Emerald Ash Borer Update

A new detection of the emerald ash borer (EAB) in Readsboro, VT has expanded the current infested area in Southwest Vermont. 

The mapped area in Vermont to which “Slow-the-Spread” recommendations apply now includes new areas in Bennington and Windham counties. 

Towns within the expanded infested area includes:

  • All of the town of Searsburg and Woodford
  • Most of the towns of Whitingham and Wilmington
  • Portions of Glastenbury, Somerset, and Dover

The new detection was discovered during the peeling of trap trees. A “trap tree” is an EAB detection technique that is prepared by girdling (the bark peeled off all the way around the tree) an ash tree, which slowly kills it. The declining ash tree will release compounds that attract adult EAB in the area during the growing season. They will lay their eggs in this tree, and the larvae will start to tunnel beneath the bark. The following spring, sections of the bark of the girdled trees are removed to search for signs of EAB, indicating the beetle is present in the area. Visit VTinvasives.org under ‘Forest Landowners and Managers’ to learn more about trap trees.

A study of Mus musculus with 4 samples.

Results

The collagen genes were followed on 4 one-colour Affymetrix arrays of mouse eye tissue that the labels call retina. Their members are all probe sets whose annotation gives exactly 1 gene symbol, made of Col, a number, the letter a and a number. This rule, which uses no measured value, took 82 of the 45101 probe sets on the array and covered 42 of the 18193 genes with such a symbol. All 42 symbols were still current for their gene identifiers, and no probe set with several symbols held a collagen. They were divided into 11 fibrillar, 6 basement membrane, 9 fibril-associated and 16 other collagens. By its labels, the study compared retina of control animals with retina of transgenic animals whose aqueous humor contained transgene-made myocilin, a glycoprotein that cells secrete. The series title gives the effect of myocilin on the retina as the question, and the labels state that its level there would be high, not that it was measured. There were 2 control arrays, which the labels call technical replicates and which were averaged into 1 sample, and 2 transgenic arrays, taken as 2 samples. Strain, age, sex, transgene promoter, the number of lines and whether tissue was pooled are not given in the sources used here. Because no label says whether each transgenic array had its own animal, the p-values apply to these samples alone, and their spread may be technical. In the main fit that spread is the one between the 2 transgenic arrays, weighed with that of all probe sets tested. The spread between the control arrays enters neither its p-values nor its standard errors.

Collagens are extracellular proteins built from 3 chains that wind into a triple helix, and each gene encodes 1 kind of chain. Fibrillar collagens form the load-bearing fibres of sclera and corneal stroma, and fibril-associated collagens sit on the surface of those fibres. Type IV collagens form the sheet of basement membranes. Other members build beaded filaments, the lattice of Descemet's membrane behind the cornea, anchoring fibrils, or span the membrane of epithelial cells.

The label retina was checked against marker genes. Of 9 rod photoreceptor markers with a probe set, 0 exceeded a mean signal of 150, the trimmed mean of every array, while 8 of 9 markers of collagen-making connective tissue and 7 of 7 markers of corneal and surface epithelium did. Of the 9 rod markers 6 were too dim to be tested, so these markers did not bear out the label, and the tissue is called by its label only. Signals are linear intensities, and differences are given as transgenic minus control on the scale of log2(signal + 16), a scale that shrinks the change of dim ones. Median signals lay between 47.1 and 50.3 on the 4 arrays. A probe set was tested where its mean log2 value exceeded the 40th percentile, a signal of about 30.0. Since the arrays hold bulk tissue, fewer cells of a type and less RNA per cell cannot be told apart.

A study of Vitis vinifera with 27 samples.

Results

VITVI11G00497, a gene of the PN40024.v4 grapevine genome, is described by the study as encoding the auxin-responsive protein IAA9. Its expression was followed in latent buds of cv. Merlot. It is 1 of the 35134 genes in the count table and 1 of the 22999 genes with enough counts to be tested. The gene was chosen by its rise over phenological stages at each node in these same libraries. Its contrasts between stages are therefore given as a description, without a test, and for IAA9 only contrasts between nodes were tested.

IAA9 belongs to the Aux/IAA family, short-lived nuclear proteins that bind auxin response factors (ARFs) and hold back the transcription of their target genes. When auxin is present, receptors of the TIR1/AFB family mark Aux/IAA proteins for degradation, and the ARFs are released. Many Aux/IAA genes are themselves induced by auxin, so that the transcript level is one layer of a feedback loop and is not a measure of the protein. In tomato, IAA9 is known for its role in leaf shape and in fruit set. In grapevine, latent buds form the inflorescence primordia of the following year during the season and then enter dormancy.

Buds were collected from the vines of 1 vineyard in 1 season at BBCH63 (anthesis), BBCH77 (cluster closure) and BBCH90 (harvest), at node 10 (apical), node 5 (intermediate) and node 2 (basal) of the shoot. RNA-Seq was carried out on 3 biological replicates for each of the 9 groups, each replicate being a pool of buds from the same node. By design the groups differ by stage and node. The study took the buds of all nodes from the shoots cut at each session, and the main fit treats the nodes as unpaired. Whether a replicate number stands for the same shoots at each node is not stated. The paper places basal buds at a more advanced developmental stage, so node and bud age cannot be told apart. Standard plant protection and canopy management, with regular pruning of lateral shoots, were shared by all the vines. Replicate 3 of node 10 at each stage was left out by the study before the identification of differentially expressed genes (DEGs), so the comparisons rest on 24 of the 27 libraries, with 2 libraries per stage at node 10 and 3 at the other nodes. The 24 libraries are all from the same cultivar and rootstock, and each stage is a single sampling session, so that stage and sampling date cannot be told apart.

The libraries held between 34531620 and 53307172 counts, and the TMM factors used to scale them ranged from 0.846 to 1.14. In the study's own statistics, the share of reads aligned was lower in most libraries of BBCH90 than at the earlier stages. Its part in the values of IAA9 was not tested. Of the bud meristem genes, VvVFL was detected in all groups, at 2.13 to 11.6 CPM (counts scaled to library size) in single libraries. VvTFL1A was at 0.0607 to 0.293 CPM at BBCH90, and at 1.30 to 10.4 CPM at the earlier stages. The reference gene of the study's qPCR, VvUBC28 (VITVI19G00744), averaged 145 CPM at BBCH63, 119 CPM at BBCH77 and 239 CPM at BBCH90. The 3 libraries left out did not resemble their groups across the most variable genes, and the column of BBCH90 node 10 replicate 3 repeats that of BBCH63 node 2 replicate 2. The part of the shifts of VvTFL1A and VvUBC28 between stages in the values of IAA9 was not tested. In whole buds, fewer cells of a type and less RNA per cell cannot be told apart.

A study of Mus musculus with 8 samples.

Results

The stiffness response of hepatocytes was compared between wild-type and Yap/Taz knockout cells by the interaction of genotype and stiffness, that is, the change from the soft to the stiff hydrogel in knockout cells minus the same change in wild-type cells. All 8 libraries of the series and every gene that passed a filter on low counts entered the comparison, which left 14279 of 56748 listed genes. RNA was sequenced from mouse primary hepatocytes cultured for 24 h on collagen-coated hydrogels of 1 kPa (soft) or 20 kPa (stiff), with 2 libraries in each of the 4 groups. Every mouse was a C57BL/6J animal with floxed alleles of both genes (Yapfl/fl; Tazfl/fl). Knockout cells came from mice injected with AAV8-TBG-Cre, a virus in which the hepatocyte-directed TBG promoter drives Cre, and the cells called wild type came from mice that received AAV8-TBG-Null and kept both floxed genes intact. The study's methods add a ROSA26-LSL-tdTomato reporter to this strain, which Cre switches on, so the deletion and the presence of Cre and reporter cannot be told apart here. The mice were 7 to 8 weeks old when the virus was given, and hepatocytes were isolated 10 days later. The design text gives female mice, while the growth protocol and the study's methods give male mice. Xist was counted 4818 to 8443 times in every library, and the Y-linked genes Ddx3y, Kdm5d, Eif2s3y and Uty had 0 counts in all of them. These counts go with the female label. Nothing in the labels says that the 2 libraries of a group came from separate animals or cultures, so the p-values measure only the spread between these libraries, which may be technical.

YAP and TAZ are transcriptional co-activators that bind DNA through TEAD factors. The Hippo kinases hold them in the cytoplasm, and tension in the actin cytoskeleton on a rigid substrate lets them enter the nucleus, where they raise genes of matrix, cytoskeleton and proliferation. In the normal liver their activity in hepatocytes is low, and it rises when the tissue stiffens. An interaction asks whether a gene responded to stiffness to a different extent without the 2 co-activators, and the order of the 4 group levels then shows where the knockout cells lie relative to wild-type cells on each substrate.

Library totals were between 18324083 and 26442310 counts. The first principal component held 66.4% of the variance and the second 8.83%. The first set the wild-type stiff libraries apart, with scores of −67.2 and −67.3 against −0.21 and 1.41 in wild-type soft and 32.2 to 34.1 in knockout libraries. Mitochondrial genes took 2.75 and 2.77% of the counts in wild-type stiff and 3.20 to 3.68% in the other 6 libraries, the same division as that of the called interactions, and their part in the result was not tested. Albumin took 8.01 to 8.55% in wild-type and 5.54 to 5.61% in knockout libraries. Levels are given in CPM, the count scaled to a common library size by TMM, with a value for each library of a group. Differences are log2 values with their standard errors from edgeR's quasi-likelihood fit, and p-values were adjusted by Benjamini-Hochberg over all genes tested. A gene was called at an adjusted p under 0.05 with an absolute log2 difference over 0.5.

The EAB flight season is imminent (beginning June 1st) and EAB are actively emerging from infested ash trees and materials, seeking new host trees and mates. The Recommendations to Slow the Spread of Emerald Ash Borer identify that moving ash from the infested area during the flight season is less than optimal and there are more stringent recommendations for moving ash materials including delaying harvesting, not moving untreated ash until after the flight season – October 1st -- and for receiving processors to treat it within one business day.

There’s a lot of spread to slow: While the infested area map shows that high-risk areas for EAB include many towns, visibly infested trees are still rare in Vermont. You can help by following the “Slow-the-Spread” recommendations.

Questions about managing ash in your woodlot or around your home?  Check out the resources available at VTinvasives.org.

View a larger map or download a PDF map of the infested area.